Limerick’s Jim Hogan, a man who fulfilled his potential wearing a Great Britain singlet


JIM HOGAN’S story in athletics is no ordinary one certainly not all plain sailing. The year was 1966 in Budapest, where the Irishman crossed over the line in his English vest, as the European Gold Medal winner with a time of 2:20:04 in the Marathon.

You’d be forgiven for reading that introduction twice upon discovering that an Irishman (from Limerick) represented Great Britain in his pomp. But as mentioned, Jim Hogan’s story would turn out to be an extraordinary one, one found in a book written about him, aptly named: “The Irishman who ran for England”

Born in Croom, as Jim Cregan there was no rhyme or reason as to why he took up running but does recall wanting to become an Athlete at the age of 18. He also cut out a track in a nearby field and asked his sister Betty to time him, lap after lap. That was a ritual he continued daily for the 20 years that followed.

He spent those years growing up mastering the craft, the rhythm, pace, stamina and style of what would later go on make the man a great athlete. The ingredients required to make it at the top. An apprenticeship well served.

At the time of “ingredient gathering” and in his twenties, he was utterly dominating the local and national scene, winning over 200 prizes in various Sports.


In 1960 Hogan left Ireland to find work in England. It was an easy decision for him to take, as he wrote in his book: “I went to England in February 1960 to get work, nothing else. Actually, I had given up athletics at the time.

“I hadn’t run since August of 1959 and didn’t start again until the April. And there’s another reason which made it easy for me to leave the country. You had no jobs and the country was riddled with class distinction.”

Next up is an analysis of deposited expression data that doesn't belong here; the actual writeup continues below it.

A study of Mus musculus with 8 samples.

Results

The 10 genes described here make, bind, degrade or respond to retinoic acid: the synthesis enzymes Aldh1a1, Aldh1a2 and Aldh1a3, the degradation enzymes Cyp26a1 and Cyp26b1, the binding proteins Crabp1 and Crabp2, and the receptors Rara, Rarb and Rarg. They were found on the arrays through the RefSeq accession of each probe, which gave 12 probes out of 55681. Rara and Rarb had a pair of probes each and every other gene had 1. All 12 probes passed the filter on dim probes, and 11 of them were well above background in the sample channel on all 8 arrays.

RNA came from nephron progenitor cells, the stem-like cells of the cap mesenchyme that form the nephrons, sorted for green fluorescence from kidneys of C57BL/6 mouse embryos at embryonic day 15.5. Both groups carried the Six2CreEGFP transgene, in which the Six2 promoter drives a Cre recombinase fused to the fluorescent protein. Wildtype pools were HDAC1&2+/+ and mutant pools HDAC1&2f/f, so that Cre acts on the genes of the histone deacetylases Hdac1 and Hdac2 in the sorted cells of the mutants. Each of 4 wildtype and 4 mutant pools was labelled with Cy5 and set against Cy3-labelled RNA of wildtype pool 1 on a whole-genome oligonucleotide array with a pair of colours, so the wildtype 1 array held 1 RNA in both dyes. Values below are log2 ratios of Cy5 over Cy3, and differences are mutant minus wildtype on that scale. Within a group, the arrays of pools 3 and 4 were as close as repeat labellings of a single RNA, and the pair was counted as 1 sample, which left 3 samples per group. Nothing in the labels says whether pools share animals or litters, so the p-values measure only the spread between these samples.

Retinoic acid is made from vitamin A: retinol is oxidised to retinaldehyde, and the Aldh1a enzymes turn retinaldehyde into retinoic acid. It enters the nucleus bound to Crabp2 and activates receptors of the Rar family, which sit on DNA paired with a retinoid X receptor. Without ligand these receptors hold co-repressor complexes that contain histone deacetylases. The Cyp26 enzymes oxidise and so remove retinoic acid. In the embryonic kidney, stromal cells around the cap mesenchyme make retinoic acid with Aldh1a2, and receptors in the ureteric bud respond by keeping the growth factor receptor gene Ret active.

“I saw more class distinction in Ireland in the 1950s than any other country I’ve ever been to. And I travelled more than most. I’d say, something in the region of 25 different countries.” Hogan worked in insurance and later a groundsman with the London Parks Council while in England.

After a while he changed his name to Jim Hogan by deed poll in order to compete in Britain, but only later found out it wasn’t a requirement. In 1962, he was selected to represent Ireland at the European Championships in Belgrade in both the 5,000 and 10,000 metres races.

However, he was forced to drop out of both. In 1963 he bounced back and returned to excellent form by breaking the Irish three-mile record, as well as the British six-mile record. In 1964 he expressed his delighted to be selected for the Irish athletics team at the Tokyo Olympics:

“It will be the climax of my running career and I feel sure that I can do justice to my selection,” he said. Competing in both the 10,000 metres and marathon, he was forced to drop out of the former race with a “very bad stitch”, he nevertheless acquitted himself well in the marathon. Withdrawing at the 23-mile mark with dehydration, he was taken on a stretcher to a nearby hospital.

Post Tokyo, Hogan’s change of allegiance was hugely controversial at the time, but was born of frustration with the Irish athletics authorities citing the “meanness of Irish officials” after a row over an air fare, among some of the issues he had with them.

In 1965 he declared for Great Britain. That same year, he broke the British 10,000 metre record at White City Stadium, his favourite running track. What followed was Hogan’s potential filling moment, winning Gold at the 1966 European Games, standing on the podium under the flag of Great Britain:

“At the medal ceremony (In Budapest) I stood for the British National Anthem as the Union Jack was raised. It was a proud moment for me, a moment I’ll treasure forever. And why wouldn’t I? I stood there as a British subject”

Hogan would go onto to compete in his second Olympic Games in Mexico 1968. but again as part of a Great Britain team. To this day he remains the only Irish man to win a European Championship gold medal in Athletics, albeit in the blue, red and white.

He was without doubt a versatile athlete, having set a European Indoor record of 13:37:02 over three miles, as well as a World Record for 30km on road, running an excellent time of 1:32:25. His best times over the 5000 and 10,000 metre distance would have won him Gold at the 1960 Rome Olympics. He could do it in any track discipline without a running club, coach or scholarship. Jim Hogan climbed to the top the hard way. He passed away in 2014 at the age of 81.